Fianna Fáil Dublin Rathdown Constituency Representative, Justin McAleese has said that the impact of doctor emigration on the Irish health system and its connection with the trolley and staffing crisis is one that needs urgent attention.
The Local Area Rep was speaking ahead of a public meeting he is hosting on the matter on Wednesday April 25th in The Anvil Room of The Goat Bar & Grill in Goatstown, Dublin 14.
He said, “We’ve heard anecdotal evidence that in 2016, the Australian state of Victoria has appointed six Irish university-trained consultants in emergency medicine.
“This is not a trend that the Irish health system can afford to continue.
“There are a variety of reasons that non-consultant hospital doctors are choosing to take up positions overseas – these include working conditions, training and career progression opportunities as well as working hours and pay.
“When you have consultants like Dr Jim Gray describing his patients being treated in “sub-human conditions” in the A&E at Tallaght Hospital, then it’s reasonable to ask if there are sub-human conditions for patients then what must they like for the medical personnel working in these hospitals every day.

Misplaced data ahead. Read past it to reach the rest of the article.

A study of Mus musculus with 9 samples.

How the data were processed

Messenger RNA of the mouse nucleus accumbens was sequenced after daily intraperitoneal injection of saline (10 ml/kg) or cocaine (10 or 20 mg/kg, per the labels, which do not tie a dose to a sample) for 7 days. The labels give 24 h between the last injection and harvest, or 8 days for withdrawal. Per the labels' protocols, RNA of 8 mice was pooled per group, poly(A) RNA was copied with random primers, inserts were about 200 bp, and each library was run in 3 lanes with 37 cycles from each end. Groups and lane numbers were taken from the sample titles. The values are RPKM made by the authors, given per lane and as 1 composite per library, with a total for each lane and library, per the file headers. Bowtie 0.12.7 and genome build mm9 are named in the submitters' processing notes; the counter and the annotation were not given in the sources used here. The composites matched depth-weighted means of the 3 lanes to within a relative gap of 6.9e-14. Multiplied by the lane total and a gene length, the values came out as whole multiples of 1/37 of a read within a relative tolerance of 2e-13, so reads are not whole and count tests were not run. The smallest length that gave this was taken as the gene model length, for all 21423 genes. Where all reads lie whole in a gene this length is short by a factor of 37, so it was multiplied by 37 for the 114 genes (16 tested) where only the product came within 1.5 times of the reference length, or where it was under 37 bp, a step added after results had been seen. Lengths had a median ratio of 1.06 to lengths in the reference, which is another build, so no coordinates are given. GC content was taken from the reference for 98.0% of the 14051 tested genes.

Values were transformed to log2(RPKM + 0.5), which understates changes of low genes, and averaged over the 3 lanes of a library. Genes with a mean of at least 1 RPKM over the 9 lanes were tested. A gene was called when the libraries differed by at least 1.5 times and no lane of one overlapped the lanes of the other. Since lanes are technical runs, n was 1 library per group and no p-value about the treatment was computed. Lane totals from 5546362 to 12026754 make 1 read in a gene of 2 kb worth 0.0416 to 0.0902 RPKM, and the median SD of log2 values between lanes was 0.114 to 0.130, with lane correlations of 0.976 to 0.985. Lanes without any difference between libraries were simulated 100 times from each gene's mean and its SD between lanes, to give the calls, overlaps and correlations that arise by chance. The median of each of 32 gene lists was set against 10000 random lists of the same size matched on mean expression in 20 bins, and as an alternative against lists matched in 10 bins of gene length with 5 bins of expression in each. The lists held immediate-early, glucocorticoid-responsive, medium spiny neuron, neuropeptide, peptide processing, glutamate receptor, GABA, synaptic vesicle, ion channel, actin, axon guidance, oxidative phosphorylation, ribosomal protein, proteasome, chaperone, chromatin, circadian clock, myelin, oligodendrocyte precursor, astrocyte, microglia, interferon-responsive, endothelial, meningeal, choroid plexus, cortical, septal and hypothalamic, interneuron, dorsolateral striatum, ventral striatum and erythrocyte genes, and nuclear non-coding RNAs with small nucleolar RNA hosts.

“We have an ageing population and our health care system is only going to get busier in the future – failure to tackle the problem today is going to create an even bigger problem to deal with down the road, warned McAleese.
“Dr. Niamh Humphries, Reader in Health Systems Research with the Royal College of Physicians, Dr. Rhona Mahony, Master of the National Maternity Hospital and Dr. Maitiu O’Tuathail, President of the National Association of GPs will give their insights on the impact of emigration on our health service and what we could do better to ensure our doctors stay in Ireland for the long term.
“Non-consultant hospital doctors on speciality training schemes are actively encouraged to go on fellowships abroad – they are unlikely to obtain consultant jobs without having done so – the problem with that is that if you go away to a much better working environment then you run the risk that our doctors won’t return to Ireland. That risk is already in a significant number of cases a reality.
“We’re hoping to have a productive meeting which focuses on the potential solutions and is not just a talking shop on the problems. If you’re interested in this area then I’d invite you to come along, listen and participate in the discussion with us,” he concluded.